The Culver City Freedom School recently held a celebration to commemorate its last day of the summer literacy program, which teaches children the love of reading by using creative storytelling, social action, and high parental involvement.

The program also stresses the importance of civic engagement, and teaches children aspects of their history that, most do not receive as a part of their regular curriculum.

Los Angeles County Supervisor Mark Ridley-Thomas has been very involved with the freedom schools, and is in support of their diligent efforts to improve the lives of youth in the community.

“I have been thrilled to visit each of the Freedom School programs in the county this summer. I have watched kids become excited and inspired through reading and interactions with one another in a structure that was created by famed educator Marian Wright Edelman, founder of the Children’s Defense Fund (CDF). People who believe inner city children are not capable of reading and comprehending material at or above their grade level need to see the success of the Freedom School program right here in our community,” said Supervisor Ridley-Thomas.

The Culver City school is one of 14 such facilities operating in Southern California this summer.

The Empowered Life Development Center CDF Freedom School program is another, and is holding its finale program tonight at Ward AME Church at 5:30 p.m.

In addition to the fun activities, the finale provides an opportunity for parents, students, and the community to learn more about this six-week summer program that strives to empower parents through various workshops and gives children a positive attitude towards learning.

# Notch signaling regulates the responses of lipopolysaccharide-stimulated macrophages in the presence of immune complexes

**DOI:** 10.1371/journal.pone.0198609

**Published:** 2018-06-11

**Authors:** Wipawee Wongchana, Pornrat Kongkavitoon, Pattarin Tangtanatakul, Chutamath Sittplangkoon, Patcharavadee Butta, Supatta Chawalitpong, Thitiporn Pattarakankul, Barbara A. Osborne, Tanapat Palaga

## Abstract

“If children are not exposed to these types of programs over the summer they lose reading skills, and they are often left behind. Especially with the Black and Latino crisis situation, there seems to be a correlation between fourth grade reading scores and incarceration rates of these young men,” said Project Director Marion Hinton.

The finale will give each class an opportunity to show what freedom school has meant to them.

They will put on skits with music, singing, and dancing reflecting what they have learned. The finale will also serve as an opportunity to thank the community for their contribution to the program.

Hinton identified the difference in freedom schools and regular summer school as the concentration on children from Black and Latino backgrounds. “Much of the reading material is Black and Latino-based and the program itself is very activity-based. The children are learning to discuss and create based on what they are reading. The activities make the program more fun and the children are more engaged. The teachers are more engaged as well because we have one teacher for every 10 students. Public schools simply cannot afford to do that. If you ask the children the difference, they will simply tell you, ‘it’s more fun.’”

Freedom Schools originally were temporary, alternative, free schools for African Americans, mostly in the South. They were part of a nationwide effort during the Civil Rights Movement to organize African Americans to achieve social, political and economic equality in the United States.

The most prominent example of Freedom Schools was in Mississippi in August 1964 during the Freedom Summer Civil Rights Project which was an effort that focused on voter registration drives and educating Mississippi students for social change.